By Annie Zidek
This summer, the sun beat down, but its love beat down even harder; it was like Sofia Coppola directed the minute details, but my body did the rest. Girls and boys played games we’d seen in films, and the midsummer heat felt all but hazy. It burned. There are scars. But that’s what summer is, and you don’t give up the fight. Here in the empty time lapses of October, I’ll tuck in small poems from June, her masterful hands slitting throats, from July, his hair caught fire in the afterglow, and from August, her voice echoing through six countries.
crystalized hearts chase Mars at dawn
their sun soaked tresses leave trails
of forgotten lightdust on the road
and at night lightbugs
make love in the brush next to the street
the setting moon is our war call
and we shriek
and we scour
until there’s no one left to fight
lapping milk out of your hands
before it seeps through the cracks.
the wolves have already kissed
the blank space between my neck and shoulder.
they’re painted crimson with my blood:
my fingers in the alpha,
my toes in the omega.
I’m in more than two places at once;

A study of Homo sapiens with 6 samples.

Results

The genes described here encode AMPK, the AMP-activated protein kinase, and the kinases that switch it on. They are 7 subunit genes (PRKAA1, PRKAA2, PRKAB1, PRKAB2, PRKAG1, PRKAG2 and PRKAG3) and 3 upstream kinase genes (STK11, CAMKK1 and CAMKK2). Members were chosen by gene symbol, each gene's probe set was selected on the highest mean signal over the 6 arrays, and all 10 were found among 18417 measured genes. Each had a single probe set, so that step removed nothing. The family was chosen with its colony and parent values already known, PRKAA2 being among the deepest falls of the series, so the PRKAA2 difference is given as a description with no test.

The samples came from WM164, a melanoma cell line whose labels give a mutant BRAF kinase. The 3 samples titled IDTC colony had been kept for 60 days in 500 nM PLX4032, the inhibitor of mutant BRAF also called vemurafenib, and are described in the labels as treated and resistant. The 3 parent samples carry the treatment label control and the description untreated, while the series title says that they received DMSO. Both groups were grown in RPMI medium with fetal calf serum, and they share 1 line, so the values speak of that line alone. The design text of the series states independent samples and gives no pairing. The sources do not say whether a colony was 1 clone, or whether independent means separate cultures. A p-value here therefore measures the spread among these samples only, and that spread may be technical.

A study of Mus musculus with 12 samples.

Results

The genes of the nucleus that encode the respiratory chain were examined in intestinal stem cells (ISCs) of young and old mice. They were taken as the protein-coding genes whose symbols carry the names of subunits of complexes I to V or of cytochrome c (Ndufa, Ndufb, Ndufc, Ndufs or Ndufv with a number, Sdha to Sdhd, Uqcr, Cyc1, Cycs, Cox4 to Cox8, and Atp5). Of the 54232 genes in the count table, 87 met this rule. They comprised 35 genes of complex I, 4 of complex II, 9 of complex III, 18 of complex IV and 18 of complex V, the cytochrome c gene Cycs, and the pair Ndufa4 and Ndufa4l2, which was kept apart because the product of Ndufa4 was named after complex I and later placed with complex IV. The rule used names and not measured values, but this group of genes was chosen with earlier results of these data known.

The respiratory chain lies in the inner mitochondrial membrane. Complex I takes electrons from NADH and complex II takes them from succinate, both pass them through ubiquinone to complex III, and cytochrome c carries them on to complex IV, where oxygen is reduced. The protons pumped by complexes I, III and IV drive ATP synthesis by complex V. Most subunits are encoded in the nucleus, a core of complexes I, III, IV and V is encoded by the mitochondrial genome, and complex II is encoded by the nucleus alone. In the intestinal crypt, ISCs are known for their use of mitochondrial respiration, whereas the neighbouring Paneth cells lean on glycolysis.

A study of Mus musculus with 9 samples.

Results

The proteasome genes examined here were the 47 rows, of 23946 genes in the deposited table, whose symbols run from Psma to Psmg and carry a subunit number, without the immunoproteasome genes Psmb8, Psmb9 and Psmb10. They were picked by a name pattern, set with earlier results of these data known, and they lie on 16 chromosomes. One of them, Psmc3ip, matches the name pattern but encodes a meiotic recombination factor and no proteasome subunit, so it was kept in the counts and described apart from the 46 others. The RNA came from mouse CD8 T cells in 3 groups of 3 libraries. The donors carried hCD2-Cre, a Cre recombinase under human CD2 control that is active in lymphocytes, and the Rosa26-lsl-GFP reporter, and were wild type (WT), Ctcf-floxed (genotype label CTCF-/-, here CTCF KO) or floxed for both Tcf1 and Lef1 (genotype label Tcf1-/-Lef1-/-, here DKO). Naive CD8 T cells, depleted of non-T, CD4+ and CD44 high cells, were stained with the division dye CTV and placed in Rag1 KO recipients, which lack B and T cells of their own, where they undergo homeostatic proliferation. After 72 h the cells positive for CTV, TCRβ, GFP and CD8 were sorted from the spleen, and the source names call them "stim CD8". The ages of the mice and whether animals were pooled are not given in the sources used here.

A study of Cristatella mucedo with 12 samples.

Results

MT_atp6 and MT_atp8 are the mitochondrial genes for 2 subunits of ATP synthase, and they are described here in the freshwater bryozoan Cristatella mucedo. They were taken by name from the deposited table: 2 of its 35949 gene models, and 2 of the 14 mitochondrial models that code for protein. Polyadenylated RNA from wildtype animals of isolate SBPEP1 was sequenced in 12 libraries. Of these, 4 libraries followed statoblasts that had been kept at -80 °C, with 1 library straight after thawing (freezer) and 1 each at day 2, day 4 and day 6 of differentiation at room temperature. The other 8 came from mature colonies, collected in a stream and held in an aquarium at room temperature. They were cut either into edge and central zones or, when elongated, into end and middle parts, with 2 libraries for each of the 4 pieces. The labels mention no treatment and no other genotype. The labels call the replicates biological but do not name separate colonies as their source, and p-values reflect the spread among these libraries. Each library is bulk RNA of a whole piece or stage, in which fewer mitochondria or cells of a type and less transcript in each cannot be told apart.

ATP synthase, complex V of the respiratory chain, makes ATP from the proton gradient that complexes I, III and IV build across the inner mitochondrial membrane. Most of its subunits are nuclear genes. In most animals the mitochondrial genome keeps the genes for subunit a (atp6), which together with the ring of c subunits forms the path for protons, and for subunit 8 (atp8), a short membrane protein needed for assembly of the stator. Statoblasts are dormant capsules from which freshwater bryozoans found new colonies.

I’m dancing past pink houses
and prowling past babies I’ll never meet.
orion, what have you done?
now my bones are merely rattles
for the male ego while the snow
sits stained with my fidelity.
tame these beasts with a thread,
stitching decency and formality into their paws
so each time they step
their bodies ache with weight of their knavery.
the days are wine: sweet, hazy, smooth.
we sat in nervous grass and swam in eager rivers.
our blood is too sweet,
so the mosquitoes kiss us—arms, lips, thighs.
we ache for weeks with red welts of love,
small reminders that parts of us are so easily taken.
like a canned peach, the sun swells
bulbous and fruitful in a hasty sky.
standing atop church spires during golden hour,
I watch the sun cower.
I’ve never seen someone leave earth so quickly,
and now the pregnant moon reigns with summer hymns.
naked bodies and think air:
this is July.
Don’t look back at June;
she carries a weight no man can handle.
one of her nights, they used ice from saturn’s rings
as machetes and slaughtered those
with curved spines and restless sons.
amorous lips and amorous hands and—
mmf—those german lullabies lull me into promises
i cannot keep.
we are walking on the rubble of dresden:
charred, unsteady, guilt-ridden.
but we are humans, eager for touches
and broken toes.
ignoring pocket watches and bedside lamps,
we mimic schiele’s “lovemaking,”
with disfigured lines and steady colors
bleeding into the white with our confident hands.
our jaws will start wars
and our knees will buckle under
and we will be collateral.
there won’t be an armistice;
instead our mouths will be lined with canker sores
and our countrymen will rot with us in enamored skin.